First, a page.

A pound of fat is equivalent to approximately 3,500 excess calories, according to the Mayo Clinic. Because weight loss is the result of creating a caloric deficit, you can lose about a pound per week by consuming 3,500 fewer calories than you normally take in weekly. Organization, discipline and simple math can help you reach this goal.
Determine Caloric Intake
Spend one week eating the foods you normally eat. Record everything you take in, including beverages and condiments. If you use a pen and paper, carry a small notepad with you. You can also record it on your computer or on a more convenient device, such as your phone.
Look up the number of calories in each item on Livestrong.com's MyPlate or another free nutrition resource and record them. Pay attention to serving sizes to make sure you get the most accurate numbers possible.
Add it all together to determine the number of calories you normally consume each week. Continuing this diet would cause you to either maintain your current weight or gain weight.
Reduce Your Caloric Intake
Subtract 3,500 from your weekly caloric intake. If you normally take in 15,000 calories, your number is now 11,500.
Divide by seven to determine the number of calories you should be taking in daily. If your goal is 11,500 calories per week, your daily goal is about 1,640 calories per day.
Write down everything you eat for one week again, including your caloric intake for each item, but do not exceed your reduced number each day. Be thorough. If you eat a sandwich, look up every ingredient on the sandwich.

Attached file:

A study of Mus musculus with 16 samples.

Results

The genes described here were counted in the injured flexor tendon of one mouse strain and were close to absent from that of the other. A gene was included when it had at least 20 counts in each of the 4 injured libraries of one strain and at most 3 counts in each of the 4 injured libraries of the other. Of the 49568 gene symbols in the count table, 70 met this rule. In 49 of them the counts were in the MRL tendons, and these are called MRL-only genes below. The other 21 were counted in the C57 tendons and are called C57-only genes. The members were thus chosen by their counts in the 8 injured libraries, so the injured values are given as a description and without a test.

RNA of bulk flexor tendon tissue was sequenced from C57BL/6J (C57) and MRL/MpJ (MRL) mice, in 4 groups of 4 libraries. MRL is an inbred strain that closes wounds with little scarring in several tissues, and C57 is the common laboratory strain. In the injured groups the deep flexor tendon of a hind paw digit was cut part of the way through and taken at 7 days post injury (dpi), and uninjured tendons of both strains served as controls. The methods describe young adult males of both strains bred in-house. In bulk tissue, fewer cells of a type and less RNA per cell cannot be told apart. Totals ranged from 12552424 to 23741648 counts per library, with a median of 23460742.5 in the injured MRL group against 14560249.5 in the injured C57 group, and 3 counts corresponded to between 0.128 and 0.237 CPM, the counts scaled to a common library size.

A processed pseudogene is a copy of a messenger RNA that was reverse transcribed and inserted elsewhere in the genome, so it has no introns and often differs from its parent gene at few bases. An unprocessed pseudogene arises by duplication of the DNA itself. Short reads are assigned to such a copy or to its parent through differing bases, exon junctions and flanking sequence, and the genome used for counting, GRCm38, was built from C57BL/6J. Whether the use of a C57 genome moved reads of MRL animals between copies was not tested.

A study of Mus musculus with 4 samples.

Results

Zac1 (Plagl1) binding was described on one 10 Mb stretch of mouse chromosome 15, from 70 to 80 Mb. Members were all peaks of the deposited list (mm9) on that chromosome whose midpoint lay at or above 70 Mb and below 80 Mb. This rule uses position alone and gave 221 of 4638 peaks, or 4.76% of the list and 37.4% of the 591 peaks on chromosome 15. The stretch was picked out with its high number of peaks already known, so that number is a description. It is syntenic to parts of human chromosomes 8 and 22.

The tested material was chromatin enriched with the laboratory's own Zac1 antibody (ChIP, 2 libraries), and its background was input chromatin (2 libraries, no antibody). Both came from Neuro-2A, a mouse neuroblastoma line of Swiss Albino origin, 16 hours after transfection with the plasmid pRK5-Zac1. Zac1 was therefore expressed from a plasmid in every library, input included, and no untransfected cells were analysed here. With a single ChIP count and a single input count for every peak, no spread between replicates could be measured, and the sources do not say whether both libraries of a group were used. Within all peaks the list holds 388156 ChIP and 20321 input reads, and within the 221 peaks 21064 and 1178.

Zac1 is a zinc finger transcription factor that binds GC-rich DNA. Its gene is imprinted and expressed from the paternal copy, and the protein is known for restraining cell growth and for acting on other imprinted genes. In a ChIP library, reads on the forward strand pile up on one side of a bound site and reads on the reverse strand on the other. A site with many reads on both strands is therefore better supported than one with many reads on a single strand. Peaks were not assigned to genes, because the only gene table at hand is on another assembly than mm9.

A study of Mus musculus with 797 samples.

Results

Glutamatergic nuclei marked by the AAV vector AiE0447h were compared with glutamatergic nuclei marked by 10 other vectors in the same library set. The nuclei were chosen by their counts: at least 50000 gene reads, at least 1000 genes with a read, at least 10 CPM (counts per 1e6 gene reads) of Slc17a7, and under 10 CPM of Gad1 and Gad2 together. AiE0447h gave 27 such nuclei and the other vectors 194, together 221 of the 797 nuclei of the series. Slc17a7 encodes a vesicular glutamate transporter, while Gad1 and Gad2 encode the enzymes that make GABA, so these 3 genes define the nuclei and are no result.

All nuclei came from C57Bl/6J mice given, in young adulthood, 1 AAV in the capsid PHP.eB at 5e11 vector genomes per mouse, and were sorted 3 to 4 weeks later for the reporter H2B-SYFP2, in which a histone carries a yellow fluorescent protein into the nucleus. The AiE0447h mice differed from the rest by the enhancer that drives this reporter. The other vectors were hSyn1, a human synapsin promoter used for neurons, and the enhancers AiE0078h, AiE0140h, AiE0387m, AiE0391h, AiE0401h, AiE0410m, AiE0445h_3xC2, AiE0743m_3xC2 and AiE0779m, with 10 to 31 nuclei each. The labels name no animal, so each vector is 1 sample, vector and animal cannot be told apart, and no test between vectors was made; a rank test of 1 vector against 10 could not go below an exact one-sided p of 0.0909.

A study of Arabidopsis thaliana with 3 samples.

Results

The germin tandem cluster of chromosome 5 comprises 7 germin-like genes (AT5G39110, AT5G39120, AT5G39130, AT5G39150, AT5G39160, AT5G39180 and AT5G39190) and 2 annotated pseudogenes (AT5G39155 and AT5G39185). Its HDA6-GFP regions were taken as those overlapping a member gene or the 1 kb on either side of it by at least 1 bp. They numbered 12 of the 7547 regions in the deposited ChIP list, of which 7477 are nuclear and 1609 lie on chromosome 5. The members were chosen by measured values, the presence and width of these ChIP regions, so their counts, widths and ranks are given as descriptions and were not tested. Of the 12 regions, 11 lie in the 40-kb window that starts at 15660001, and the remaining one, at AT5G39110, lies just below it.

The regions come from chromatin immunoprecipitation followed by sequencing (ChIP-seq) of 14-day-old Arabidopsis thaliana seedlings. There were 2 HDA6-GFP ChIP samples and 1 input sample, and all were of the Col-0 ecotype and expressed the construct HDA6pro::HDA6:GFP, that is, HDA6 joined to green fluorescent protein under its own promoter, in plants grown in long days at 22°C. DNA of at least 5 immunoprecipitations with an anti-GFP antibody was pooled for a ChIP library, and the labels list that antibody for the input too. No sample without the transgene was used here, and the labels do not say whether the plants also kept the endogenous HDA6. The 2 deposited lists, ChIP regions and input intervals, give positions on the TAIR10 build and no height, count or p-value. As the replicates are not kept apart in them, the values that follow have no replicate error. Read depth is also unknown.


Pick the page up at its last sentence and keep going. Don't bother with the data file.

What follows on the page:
- To reduce your caloric intake without eating significantly less food, cut out high-fat ingredients, such as butter or mayonnaise, and increase your intake of fiber and protein, which will help fill you up and keep your appetite satisfied. Avoid high-calorie beverages and replace them with calorie-free water.
- Avoid food high in saturated fat. A gram of fat has nine calories, while a gram of carbohydrates or protein has four calories. Check labels to keep your fat intake below 30 percent of your total caloric intake and opt for food containing healthy unsaturated fat, such as plant-based oils, nuts and fish.
Maia Appleby is a NASM-certified personal trainer with more than 15 years of experience in the fitness industry. Her articles have been published in a wide variety of print magazines and online publications, including the Gale Encyclopedia of Nursing and Allied Health, New Moon Network and Bodybuilding.com.